Democrats are the Reason to Vote for Republicans

Republicans have a significant altruist/collectivist element in their thinking, but at least that element is tempered by an element of reason/individualism. Democrats don’t have the element of reason/individualism. They speak incessantly of altruism (‘other’-ism etymologically), sacrifice, “shared prosperity,” and ‘coming together’. Moreover, even when they think they are being individualist, they are still being collectivist.

In his keynote speech at the Democratic National Convention yesterday, Julian Castro spoke repeatedly of the government “investing”—in “opportunity,” in “a workforce,” in “our young minds,” in “people,” in “our shared prosperity”—thereby denying the reasoning ability and the right of individuals to invest their own capital.

The least collectivist element of Michelle Obama’s speech yesterday was about working hard; but the message in essence was that “if you work hard and do what you’re supposed to do”—and Mrs. Obama used personal examples of manual laborers, not productive thinkers—we in government will take from others to give you even more than you have earned. Her premise is essentially Marx’s labor theory of value—the view that the value of a product is the amount of physical labor that was used to make it—denying individual rights and the role of the individual, rational mind in production.

5 thoughts on “Democrats are the Reason to Vote for Republicans

  1. Well observed and well said. I believe there is absolutely no hope for the Democratic Party. It is now openly and consistently the party of full collectivism, from fundamental premises to policy proposals.

  2. Yes, I’ve seen quite enough. Malice oozes from their, the Democrats’, pores.

    As I remarked on the DON’T LET IT GO site: I never, EVER thought I’d ever be advocating for a band of (professedly) religious (professed) anti-abortionists—-but here I am, so advocating. I think the major and most important difference between the two parties consists in the degree of their integrity. The Republicans seem to have almost none whatsoever—-while the Democrats are totally sincere.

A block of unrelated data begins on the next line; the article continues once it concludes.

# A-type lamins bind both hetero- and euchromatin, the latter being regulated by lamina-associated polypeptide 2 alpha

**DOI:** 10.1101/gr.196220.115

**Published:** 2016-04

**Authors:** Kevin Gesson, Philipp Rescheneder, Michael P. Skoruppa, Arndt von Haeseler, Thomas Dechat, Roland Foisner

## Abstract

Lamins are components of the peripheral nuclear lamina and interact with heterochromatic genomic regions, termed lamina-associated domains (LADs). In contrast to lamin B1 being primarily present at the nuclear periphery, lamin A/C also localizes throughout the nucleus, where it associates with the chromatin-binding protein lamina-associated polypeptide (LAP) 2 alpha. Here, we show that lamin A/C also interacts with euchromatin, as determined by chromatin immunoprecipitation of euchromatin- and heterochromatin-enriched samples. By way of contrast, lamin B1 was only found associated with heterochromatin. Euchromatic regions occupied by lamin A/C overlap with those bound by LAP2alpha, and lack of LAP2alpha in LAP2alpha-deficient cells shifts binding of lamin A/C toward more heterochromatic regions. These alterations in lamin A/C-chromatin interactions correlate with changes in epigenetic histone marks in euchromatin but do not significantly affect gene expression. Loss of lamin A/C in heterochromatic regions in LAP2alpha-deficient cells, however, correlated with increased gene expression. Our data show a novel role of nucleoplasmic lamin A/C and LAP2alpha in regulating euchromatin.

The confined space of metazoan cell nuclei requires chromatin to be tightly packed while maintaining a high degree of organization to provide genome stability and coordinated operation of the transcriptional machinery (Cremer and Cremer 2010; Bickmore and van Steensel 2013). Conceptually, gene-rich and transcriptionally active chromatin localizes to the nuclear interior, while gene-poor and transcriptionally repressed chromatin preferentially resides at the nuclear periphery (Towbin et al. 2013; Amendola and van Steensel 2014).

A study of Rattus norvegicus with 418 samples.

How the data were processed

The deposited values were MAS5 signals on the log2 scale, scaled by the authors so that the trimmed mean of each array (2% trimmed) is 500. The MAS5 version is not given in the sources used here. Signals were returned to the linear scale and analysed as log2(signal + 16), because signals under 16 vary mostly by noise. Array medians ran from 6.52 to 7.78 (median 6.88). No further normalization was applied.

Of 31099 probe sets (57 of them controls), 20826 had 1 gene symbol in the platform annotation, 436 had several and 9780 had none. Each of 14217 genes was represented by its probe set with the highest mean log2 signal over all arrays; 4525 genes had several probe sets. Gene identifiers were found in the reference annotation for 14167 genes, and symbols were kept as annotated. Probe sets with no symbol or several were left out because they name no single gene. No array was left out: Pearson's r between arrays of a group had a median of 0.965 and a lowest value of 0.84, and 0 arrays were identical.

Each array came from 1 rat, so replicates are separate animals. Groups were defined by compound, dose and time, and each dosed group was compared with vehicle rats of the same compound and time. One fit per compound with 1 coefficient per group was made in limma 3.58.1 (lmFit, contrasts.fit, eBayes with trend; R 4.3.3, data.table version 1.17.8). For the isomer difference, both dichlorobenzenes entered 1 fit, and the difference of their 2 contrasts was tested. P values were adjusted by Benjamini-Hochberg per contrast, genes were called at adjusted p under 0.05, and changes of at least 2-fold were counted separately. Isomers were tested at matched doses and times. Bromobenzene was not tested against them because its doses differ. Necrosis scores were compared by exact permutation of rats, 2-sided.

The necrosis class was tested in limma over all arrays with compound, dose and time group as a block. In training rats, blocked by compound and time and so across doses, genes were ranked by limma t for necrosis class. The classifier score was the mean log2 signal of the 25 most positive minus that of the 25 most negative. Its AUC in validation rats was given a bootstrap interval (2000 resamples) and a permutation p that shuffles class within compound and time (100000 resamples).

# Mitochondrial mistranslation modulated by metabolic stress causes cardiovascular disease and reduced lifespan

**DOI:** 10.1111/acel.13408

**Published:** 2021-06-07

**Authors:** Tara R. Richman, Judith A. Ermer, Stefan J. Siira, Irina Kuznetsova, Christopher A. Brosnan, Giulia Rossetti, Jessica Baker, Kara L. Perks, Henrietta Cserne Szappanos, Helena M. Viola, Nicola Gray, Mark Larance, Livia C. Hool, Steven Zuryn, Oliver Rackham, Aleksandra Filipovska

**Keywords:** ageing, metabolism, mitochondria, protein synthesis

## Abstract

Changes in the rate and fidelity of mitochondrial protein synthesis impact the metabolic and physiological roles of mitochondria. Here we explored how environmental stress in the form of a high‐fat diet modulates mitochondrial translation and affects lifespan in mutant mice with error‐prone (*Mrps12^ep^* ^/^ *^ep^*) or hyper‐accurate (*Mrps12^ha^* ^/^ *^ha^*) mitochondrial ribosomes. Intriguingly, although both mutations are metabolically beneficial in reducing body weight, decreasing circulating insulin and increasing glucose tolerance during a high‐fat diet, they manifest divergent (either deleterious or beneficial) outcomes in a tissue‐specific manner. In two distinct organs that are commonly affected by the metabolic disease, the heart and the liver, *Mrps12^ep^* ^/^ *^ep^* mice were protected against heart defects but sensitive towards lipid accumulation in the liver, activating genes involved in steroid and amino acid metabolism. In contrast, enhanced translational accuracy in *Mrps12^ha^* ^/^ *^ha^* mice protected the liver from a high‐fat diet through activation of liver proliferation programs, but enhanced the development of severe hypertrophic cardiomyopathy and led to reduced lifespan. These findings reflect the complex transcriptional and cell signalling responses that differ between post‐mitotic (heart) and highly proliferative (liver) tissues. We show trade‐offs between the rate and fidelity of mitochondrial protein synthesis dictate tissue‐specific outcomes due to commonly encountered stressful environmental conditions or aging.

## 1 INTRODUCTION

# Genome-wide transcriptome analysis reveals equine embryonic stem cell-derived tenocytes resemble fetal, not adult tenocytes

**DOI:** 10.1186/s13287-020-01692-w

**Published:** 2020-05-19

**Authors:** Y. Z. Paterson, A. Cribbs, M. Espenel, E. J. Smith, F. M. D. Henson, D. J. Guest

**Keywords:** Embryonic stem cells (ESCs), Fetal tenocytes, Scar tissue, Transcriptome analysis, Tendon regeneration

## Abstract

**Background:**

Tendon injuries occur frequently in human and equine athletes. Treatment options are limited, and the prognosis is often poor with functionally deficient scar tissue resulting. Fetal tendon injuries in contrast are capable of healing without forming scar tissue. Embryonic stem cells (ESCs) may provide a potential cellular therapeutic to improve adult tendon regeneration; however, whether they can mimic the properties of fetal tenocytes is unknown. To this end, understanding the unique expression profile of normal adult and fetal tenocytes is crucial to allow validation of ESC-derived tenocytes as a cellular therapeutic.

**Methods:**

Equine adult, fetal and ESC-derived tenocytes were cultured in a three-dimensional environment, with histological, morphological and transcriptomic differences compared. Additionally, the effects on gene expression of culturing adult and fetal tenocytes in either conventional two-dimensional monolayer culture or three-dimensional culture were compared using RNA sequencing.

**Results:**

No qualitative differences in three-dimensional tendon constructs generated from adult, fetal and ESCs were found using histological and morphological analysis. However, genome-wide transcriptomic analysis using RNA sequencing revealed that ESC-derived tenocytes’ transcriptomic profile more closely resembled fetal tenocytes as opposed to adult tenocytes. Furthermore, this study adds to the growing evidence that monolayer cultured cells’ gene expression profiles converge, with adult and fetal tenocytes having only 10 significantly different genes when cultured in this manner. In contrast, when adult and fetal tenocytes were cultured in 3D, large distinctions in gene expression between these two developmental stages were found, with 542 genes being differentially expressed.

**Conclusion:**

I believe we should take our chances with the phonies. I certainly will be.

  3. I should have added the following to my post. I support Republicans in Congress over Democrats, but I am still not convinced about supporting Romney-Ryan. Some Republicans are somewhat effective in opposing Democrats, but Republicans are at their worst–evidently because of loyalty to the party–under a welfare-statist Republican president. Again, if Republicans in Congress would treat Romney like a Democrat, then I would support Romney.

  4. You’re referring to the “gridlock” phenomenon (and/or–with your usual careful reasoning–a sort of variant thereof). I’m all for it as a method of incapacitating a menacing government. But I don’t see how it’s to be “arranged,” and maintained across time. One simply can’t “know” what Congress will consist of, from one election to the next, and so one can hardly depend upon it as a reliable means of self defense. The Democrats are now showing themselves to be menaces almost beyond reckoning, and it’s quite nearly impossible to sanction ANY of their lot, regardless of the advantages of potential gridlock.

    And per your condition of supporting Romney: now that the Democrats are so flaunting their unbridled evil, I hardly suppose that Republicans will be predisposed to any serious, principled opposition of their own party leader–knowing what the “alternative” is; if that makes sense…. So that gambit can by no means be depended upon, either.

    Bottom line: I think, when you’re staring such utter evil in the face, you simply need to banish it–and then take on the next enemy, in order, as it appears. (In addition, don’t forget there’s still the Judicial Branch to be reckoned with–and the looming appointments thereto.)

  5. And here’s another point worth considering…. If our aim should be to incapacitate a menacing government and so “buy time” (which I certainly think it should be), then, simply the transfer of (executive) power is, in and of itself, of some value in achieving this end—as it forces a break in the stride of the bureaucracy. Everything is (more or less) new, all over again. Lots of new bodies have to start learning new ropes. (Hell, they even need new drapes and art work for the White House; and new china, I expect.) That brings the bureaucracy to a crawl, for some period of time—which period, might prove exceedingly valuable and, however short, is in the current case certainly better than allowing the existing Obama-ist bureaucracy to coast along and capitalize upon its momentum.

    (I realize now that this is the reason that I have long thought that a handy rule of thumb to follow is: “If they’re IN office—vote them out—regardless.”)

    ….. Worthy of consideration? I think so.